This material isn’t so fresh
There are no words in the English language adequate enough to describe just how bizarre Jazzpunk is. Sure, we could tell you that it is madcap or off-the-wall, but they don’t really cut it. No, its eccentricities must be experienced to be believed. Throughout its short 2-4 hour runtime it will entrance, entertain, confuse, and possibly, disappoint you.
You play as Polyblank, an undercover robot spy working under the guidance of The Director (Think M from James Bond, but more robotic – and possibly too fond of alcoholic beverages). You are tasked with going undercover in various locations to do the things that spies do.
Over the course of the game you will visit a number of different locales including the Russian embassy, a Buddhist temple, and a seaside resort. Each location features a main objective as well as various interlinked, but non-sensical side quests. For example, the first mission has you break into a Russian embassy to retrieve a cassette tape, however, exploring the area will reveal other quests such as helping a frog crack the Starbux WiFi password. Other side quests include degaussing robotic pigeons to help a fellow agent make pigeon pie, and returning video cassettes to the store.
Imagine if The Naked Gun series, Monty Python, and Hot Shots had a gangbang. Jazzpunk would be the resultant bastard child that plopped out 9 months later.
Jazzpunk‘s references (of which there are hundreds) aren’t limited to film or TV either. There are send-up’s of some of gaming’s hottest IP’s. Street Fighter, Space Invaders, Fruit Ninja, Quake and others receive the parody treatment in hidden mini games, scattered throughout every level.
So in terms of originality, what has Jazzpunk got going for it? As it turns out, not a lot. Stripping away all of the 60s’ spy film references, the 80s’ comedy references, and the nods to various games leaves a linear shell of a game. Typically, you will wander around collecting a set number of items to complete an objective. Other times you will complete a sequence of random events to progress. Puzzles in the game are obtuse and may require some lateral thinking, such as removing a picture from the wall to bypass an iris scanner.There is no place for your logic here!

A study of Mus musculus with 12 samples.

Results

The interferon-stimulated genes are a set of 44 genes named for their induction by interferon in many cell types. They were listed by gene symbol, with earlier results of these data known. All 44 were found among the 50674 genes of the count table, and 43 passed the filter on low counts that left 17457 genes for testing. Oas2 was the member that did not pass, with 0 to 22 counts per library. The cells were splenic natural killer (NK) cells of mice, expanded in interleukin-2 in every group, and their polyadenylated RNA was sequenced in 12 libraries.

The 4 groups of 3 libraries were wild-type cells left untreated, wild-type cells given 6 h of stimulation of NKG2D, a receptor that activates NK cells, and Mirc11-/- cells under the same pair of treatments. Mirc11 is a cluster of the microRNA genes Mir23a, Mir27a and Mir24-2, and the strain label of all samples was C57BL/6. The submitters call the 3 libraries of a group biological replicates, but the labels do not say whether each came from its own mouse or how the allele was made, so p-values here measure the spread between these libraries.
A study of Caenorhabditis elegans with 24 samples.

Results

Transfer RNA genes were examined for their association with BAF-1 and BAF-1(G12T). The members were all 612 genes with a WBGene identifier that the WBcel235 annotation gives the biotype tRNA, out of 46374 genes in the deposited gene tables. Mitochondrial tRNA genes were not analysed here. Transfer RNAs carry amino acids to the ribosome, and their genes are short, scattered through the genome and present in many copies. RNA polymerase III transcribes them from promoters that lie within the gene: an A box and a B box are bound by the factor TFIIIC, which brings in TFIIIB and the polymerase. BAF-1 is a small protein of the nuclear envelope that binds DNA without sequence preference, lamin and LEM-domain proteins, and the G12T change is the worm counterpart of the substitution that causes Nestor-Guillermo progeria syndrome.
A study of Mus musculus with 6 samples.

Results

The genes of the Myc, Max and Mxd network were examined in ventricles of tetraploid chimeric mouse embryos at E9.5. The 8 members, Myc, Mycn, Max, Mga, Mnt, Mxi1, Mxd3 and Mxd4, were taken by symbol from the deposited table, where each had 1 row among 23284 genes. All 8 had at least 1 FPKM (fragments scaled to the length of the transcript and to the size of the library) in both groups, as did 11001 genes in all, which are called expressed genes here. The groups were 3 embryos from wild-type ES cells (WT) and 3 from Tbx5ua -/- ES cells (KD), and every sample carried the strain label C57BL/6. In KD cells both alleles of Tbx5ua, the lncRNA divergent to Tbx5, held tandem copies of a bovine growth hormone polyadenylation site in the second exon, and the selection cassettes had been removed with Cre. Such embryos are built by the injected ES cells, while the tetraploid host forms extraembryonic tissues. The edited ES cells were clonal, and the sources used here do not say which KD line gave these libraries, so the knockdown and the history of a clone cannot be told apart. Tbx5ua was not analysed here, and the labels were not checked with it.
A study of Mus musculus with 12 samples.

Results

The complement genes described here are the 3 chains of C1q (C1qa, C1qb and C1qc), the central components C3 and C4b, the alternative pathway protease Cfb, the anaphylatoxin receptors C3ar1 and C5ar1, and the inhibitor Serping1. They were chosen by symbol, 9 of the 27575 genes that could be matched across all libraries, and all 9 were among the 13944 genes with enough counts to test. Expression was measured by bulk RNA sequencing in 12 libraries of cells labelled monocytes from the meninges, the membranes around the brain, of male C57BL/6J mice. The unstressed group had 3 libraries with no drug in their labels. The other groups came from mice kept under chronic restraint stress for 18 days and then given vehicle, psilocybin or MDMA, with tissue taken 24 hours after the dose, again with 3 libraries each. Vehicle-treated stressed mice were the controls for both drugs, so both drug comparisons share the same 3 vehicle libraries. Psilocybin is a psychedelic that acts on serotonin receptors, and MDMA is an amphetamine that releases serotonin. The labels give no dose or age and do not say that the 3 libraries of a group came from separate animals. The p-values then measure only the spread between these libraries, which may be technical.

The problem with Jazzpunk lies in its absolute reliance on other people’s material. Sure, at times it may be funny, but it often falls completely flat. Younger players who haven’t experienced a Monty Python or Naked Gun movie will be completely lost amid a sea of references that goes over the top of their heads. And even if you do understand the references, they come so thick and fast that by the game’s closing act there is a good chance the novelty of its humour will have worn off.
That’s not to say Jazzpunk is a bad game, it isn’t. It merely insists on propping itself up with things we have seen before. On occasion, the game truly shines. Dialogue from all of the NPCs is zany, funny, and most importantly it is original – something we would have liked to see more of.
Despite the various shortcomings we have noted, we cannot fault the game’s visual presentation. Necrophone Games has crafted a low poly-count world that is gorgeous in its simplicity. Jazzpunk is vibrant, attractive and fun to explore.
Further praise should also be directed at the game’s soundtrack; a mix of 60s’ spy movie music is accompanied by a raft of wacky sound effects, enhancing its off the wall tone.
During our time with Jazzpunk we encountered a number of bugs that prevented us from proceeding through the game. On a few occasions we became stuck on scenery, with no option but to restart the level entirely – you don’t have the ability to save mid-level. Additionally, items we needed to collect refused to spawn, forcing us to restart yet again. For such a short game we would have expected these issues to be sorted before launch, but a glance at the Steam forums confirms they still exist.
It’s difficult to not feel a little underwhelmed with Jazzpunk. After all its time in development Necrophone Games has somehow managed to deliver a game that is as much other people’s as it is their own. Don’t get us wrong, this is a fun game, but we can’t help feeling like we have seen it all before. Boiling the game down to its constituent parts reveals very little originality, a handful of side quests and minigames, and a very linear path to its finale. The short length of the game is, perhaps, its saving grace; sitting through 8 hours of “There’s that joke from that film that came out in 1980” is not a task we would want to partake in.
So, should you buy Jazzpunk? If you have a high tolerance for repetitive humour, and don’t mind the odd bug here and there, you will find a lot to like – so long as you understand where the references come from. On the other hand, if you don’t understand the humour, you will find Jazzpunk to be a vapid experience with little to keep you engaged.